Un chapeau de paille d'Italie was a very successful 1851 play written by Eugene Labiche and Marc Michel. Labiche's family had intended for him to follow a career in law, but in his heart he was an author and, with the blessing of his wife, he followed his heart to success in the theatre. "Of all the subjects," he said, "which offered themselves to me, I have selected the bourgeois. Essentially mediocre in his vices and in his virtues, he stands half-way between the hero and the scoundrel, between the saint and the profligate." Audiences both laughed with and at the travails of Ferdinand and his various family, friends and sudden acquaintances in The Italian Straw Hat as Fate, with a capital "F", steps in to ruin his wedding day.
Producer Alexandre Kamenka chose the perfect director for the 1928 production of The Italian Straw Hat in Rene Clair. Clair changed the setting of the 1851 farce to 1895 Paris and treated the audience to a peek at the foibles and pretensions of the middle class.
Olga Tschechowa, Geymond Vital
Ferdinand and Helene are to be married. Relatives are readying themselves for the ceremony and reception. Buttons refuse to be hooked. Gloves have gone missing. Shoes are too tight. Collars come loose. Gifts are scrutinized. Hopes are high. Frustrations are plentiful. Ferdinand avails himself of the fresh air in the countryside. A lady, Madame De Beauperthuis and her lover Lt. Tavernier are also availing themselves of the, uh, fresh air. The lady's lovely straw hat has been placed delicately on the shrubbery where Ferdinand's horse finds it irresistible. The dashing lieutenant demands that Ferdinand replace the hat exactly as it is a rare and recognizable hat that was a gift from the lady's husband and should he find it missing, the lady will be compromised. And - we're off to the races.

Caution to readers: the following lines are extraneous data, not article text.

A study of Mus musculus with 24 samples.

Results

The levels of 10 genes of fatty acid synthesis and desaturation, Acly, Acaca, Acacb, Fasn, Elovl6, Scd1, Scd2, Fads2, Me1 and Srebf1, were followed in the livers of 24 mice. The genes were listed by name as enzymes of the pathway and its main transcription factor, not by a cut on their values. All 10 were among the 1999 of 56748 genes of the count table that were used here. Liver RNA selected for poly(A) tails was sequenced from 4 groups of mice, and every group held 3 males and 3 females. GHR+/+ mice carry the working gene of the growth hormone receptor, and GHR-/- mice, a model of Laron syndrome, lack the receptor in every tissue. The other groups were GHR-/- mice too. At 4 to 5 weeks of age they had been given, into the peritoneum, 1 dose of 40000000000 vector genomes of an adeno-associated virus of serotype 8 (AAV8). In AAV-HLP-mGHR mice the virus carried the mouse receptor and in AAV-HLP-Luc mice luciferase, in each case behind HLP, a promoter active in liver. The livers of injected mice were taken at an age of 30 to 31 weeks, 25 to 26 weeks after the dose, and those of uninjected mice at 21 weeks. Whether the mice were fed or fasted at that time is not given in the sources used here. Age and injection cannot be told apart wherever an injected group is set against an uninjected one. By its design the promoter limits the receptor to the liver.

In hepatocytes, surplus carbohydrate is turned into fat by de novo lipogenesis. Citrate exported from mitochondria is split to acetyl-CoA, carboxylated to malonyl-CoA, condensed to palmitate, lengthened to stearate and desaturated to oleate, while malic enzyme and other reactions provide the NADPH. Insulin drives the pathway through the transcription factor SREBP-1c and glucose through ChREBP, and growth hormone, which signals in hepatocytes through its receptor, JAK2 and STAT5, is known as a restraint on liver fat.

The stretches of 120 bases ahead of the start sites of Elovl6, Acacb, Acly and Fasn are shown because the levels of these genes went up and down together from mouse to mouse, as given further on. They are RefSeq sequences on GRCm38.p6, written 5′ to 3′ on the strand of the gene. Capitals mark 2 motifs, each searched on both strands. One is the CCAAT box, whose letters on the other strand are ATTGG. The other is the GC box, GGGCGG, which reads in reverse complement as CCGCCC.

Ferdinand must find the lady a suitable replacement. He must keep her identify a secret. He must also get married, attend his reception and keep his wife and everyone he has ever met happy and "in the dark" about his predicament.
Ferdinand's valet tries to stop the marauding relatives.
Such fun! Such wonderfully humourous scenes in the silent comedy! The wedding ceremony at the City Hall enjoyed most of all by the deaf uncle. The dancing at the reception with the twirling assemblage and close-ups of the nervous Ferdinand. The overwrought lieutenant threatening to destroy everything in Ferdinand's house. The befuddled and helpful stranger who turns out to be the lady's husband! The suspicions of the family and new bride who proceed to empty the home of wedding gifts. These are the sorts of situations you might think would work best through pithy dialogue delivered with a wink. However, nothing is lost and perhaps more is gained by the delightful cast and their thoroughly professional and inventive director in this treasure of a silent comedy. A highly recommended, laugh-out-loud winner.